A new technique developed by Dr. Ted Sargent and his research group builds off recent advances in nanotechnology that could lead to a possible 11 per cent improvement in solar cell efficiency.

Sargent, a U of T electrical engineering professor, and members of his research group, published a paper in Nano Letters entitled “Jointly Tuned Plasmonic-Excitonic Photovoltaics Using Nanoshells.” His work explains how colloidal quantum dots, when suitably modified, could lead to more efficient and inexpensive solar cells.

A colloidal quantum dot is a particle made from a semiconducting material that has been reduced to a very small size by dissolving certain compounds in an appropriate solution. While most solar cell technology to date has been based on bulk materials like silicon, colloidal quantum dots offer unique advantages.

“There are two advantages to colloidal quantum dots. First, they’re much cheaper, so they reduce the cost of electricity generation,” Susanna Thon explained in a statement. Thon, a co-author of the paper, is a post-doctoral fellow in Sargent’s research group.
“But the main advantage is that by simply changing the size of the quantum dot, you can change its light-absorption spectrum.”

The heart of Sargent’s paper lies in the goal of increasing the light-absorption spectrum of photovoltaic cells. A photovoltaic cell converts the sun’s energy into electricity by converting solar radiation into direct current. But most photovoltaic cells focus on absorbing only a portion of the sun’s power, typically within the visible-wavelength spectrum with which we are most familiar.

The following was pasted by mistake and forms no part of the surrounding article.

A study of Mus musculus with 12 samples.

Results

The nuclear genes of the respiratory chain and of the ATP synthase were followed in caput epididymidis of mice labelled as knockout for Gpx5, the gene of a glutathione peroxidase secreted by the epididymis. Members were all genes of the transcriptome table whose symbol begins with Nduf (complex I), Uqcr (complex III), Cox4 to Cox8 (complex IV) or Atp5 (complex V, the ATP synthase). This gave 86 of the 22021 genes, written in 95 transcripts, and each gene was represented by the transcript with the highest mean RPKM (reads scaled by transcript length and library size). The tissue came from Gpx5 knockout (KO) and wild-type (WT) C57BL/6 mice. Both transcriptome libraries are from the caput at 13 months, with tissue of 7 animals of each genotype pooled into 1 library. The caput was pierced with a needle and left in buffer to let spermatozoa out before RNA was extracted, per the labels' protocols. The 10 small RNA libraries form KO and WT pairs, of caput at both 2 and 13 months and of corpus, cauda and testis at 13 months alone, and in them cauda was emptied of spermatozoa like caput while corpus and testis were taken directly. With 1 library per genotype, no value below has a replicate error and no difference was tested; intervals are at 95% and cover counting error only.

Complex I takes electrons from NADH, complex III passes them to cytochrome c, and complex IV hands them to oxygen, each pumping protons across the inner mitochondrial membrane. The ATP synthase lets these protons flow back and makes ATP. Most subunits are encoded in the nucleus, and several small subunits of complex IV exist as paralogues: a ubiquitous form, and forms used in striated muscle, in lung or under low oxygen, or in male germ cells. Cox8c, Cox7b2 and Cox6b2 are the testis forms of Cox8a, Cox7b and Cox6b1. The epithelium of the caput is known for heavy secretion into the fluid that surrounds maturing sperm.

“Half of the sun’s power reaching the Earth lies in the infrared,” the paper explains early on. “It is in better harvesting photons in this spectral regime, that colloidal quantum dot (CQD) photovoltaics offer an attractive advantage over many organic and inorganic solar technologies.”

While CQD photovoltaics offer a chance to absorb more of the solar radiation spectrum, they are not without problems, offering only a limited absorption of infrared light.

The solution to this problem is as clever as its name is ponderous: spectrally-tuned, solution-processed plasmonic nanoparticles. By combining quantum dots with plasmonic nanoparticles, Sargent and his team were able to fine-tune and increase the conversion efficiency of the photovoltaic cells.

“Changing the size [of quantum dots] is very easy, and this size-tunability is a property shared by plasmonic materials,” Thon explains. “By changing the size of the plasmonic particles, we were able to overlap the absorption and scattering spectra of these two key classes of nanomaterials.”

This overlapping technique has shown “a resultant 35 per cent enhancement in photocurrent” in the near-infrared spectrum, the paper states, which could translate to an 11 per cent improvement in the solar power conversation rate.

While the paper is a proof of principle, more work needs to be done before the improvements can be made available. Further research by Sargent’s group will look into both decreasing costs and increasing photon absorption.

“We want to achieve more optimization, and we’re also interested in looking at cheaper metals to build a better cell,” Thon said. “We’d also like to better target where photons are absorbed in the cell — this is important in photovoltaics because you want to absorb as many photons as you can, as close to the charge-ollecting electrode as you possibly can.”

This achievement comes only months after the research group’s last breakthrough, also under the supervision of Sargent, in which they partnered with Saudi Arabia’s King Abdullah University of Science and Technology to develop the most efficient CQD solar cell ever.

Sargent’s research progress has been honoured by a host of associations. He has been named one of the top 100 young innovators by the MIT Technology Review, as well as one of Canada’s ‘Top 40 under 40’. In December, he was awarded the 2012 Steacie Prize for his research contributions to Canada.